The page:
New tattoos are usually sensitive for the first week or so after you get the tattoo. Additionally, they may be raised for awhile after the tattooing procedure is done. Tattoos appear raised because your pores swell once they are filled with ink. This is your body's way of trying to heal after the trauma that it has endured. However, there are a few things that you can do to reduce the raised skin, and to help the tattooed area heal as quickly as possible. According to Bret, the owner of Celtic Tattoo in Newport Rhode Island, tattoo after care is important for the longevity of your tattoo and your health.
Follow any special instructions that your tattoo artist has given you. Leave the bandage on the tattoo until you get home, which should be no longer than two hours after getting the tattoo. Use a clean tissue to wipe away any ointment and body fluid that cover the tattoo.
Wash your hands and apply a new layer of A&D ointment. If your tattoo continues to ooze fluid, wipe it away and reapply ointment. Don’t allow the fluid to sit on the tattoo as this can cause infection. The fluid seeps out because your body is trying to rid itself of possible infection. You may have to repeat this process several times for the first two or three hours after getting your tattoo. Do not re-bandage the tattoo.
Keep the tattoo dry. Get it wet as little as possible. Warm water especially will open up pores and will allow for dirt and bacteria to enter more easily. When you get out of the shower, pat the tattoo dry with a clean cloth or paper towel. Use petroleum jelly to cover the tattoo when you shower. This product will keep water from saturating the tattoo. Wipe it off immediately after you shower. If you leave the petroleum jelly on for too long, it can pull the ink out of the tattoo.
Moisturize your tattoo several times a day with A&D or triple antibiotic ointment for the first five days and up to one week. If your tattoo is still drying out, switch to a non-scented lotion and apply four or five times per day. Lotions with scent will irritate your tattoo as opposed to hydrating it. Your tattoo will remain raised until it has healed and is likely to peel and flake.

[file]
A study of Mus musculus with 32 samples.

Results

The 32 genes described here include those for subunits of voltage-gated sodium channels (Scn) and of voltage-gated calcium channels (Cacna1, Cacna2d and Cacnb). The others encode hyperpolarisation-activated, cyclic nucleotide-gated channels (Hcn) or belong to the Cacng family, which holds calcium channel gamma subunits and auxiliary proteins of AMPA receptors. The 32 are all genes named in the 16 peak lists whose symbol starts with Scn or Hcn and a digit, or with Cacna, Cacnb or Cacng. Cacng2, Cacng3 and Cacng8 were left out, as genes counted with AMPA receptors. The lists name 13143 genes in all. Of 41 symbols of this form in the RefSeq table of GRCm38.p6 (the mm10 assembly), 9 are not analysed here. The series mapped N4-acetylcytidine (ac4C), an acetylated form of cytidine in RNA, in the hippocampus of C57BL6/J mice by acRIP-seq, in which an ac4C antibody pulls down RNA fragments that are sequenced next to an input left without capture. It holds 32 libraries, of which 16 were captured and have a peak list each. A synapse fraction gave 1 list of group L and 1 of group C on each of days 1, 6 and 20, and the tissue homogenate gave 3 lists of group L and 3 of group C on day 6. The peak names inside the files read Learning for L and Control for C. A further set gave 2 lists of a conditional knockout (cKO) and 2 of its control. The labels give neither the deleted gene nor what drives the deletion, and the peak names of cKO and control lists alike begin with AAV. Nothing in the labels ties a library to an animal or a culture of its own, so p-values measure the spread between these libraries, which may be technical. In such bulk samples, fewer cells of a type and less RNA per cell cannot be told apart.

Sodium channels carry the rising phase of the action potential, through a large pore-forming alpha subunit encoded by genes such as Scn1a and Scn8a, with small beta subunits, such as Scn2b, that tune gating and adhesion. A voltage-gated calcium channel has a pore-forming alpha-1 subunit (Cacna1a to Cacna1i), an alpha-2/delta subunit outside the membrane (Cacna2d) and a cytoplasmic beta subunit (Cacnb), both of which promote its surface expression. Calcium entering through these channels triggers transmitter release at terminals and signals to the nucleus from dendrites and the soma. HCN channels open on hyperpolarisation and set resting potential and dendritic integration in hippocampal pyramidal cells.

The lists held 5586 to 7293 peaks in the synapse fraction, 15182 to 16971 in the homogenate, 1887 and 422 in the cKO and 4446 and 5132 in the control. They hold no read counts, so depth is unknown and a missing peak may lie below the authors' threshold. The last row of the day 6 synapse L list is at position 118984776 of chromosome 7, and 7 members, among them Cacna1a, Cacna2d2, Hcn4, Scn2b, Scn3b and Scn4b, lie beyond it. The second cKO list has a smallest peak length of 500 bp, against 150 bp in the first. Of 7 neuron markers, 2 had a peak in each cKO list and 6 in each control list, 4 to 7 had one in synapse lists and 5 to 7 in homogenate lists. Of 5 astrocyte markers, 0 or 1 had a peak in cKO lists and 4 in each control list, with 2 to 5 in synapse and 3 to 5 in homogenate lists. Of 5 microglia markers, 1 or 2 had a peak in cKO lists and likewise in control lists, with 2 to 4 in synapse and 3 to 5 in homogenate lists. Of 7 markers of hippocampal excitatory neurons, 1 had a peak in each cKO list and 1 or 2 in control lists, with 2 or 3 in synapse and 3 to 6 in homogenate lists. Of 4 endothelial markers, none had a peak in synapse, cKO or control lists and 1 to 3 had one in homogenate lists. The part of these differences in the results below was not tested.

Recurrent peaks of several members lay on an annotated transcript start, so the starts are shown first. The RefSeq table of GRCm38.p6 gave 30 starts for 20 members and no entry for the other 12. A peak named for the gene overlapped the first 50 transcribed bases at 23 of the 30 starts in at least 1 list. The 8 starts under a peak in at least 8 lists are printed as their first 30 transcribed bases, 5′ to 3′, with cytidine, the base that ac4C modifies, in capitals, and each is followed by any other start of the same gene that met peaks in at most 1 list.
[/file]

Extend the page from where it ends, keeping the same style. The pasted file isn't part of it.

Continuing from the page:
Prevent flaking and extra inflammation by applying more ointment to drier areas. Though some flaking is normal, excess flaking is a sign that your skin is too dry. If you allow this to go on, you may need a tattoo touch up in the future as your skin will shed more of the tattoo ink.
Avoid touching your tattoo. Your fingers carry a lot of bacteria and you are likely to spread this bacteria by touching the tattoo. If you find yourself in an environment where you are exposed to large amounts of bacteria, namely places that contain large amounts of people, keep your tattoo covered with a non-stick bandage or by wearing clothing that covers the tattoo. Non-stick bandages are important as the adhesive variety can harm the tattoo upon removal.
Apply an ice pack if your tattoo is very raised. Excessively raised tattoos imply infection and you will want to reduce the size as soon as possible. Visit your tattoo artist for questions. Visit your doctor if the tattoo becomes painful or stays excessively raised for more than a day or so. You may need antibiotics to cure a possible skin infection.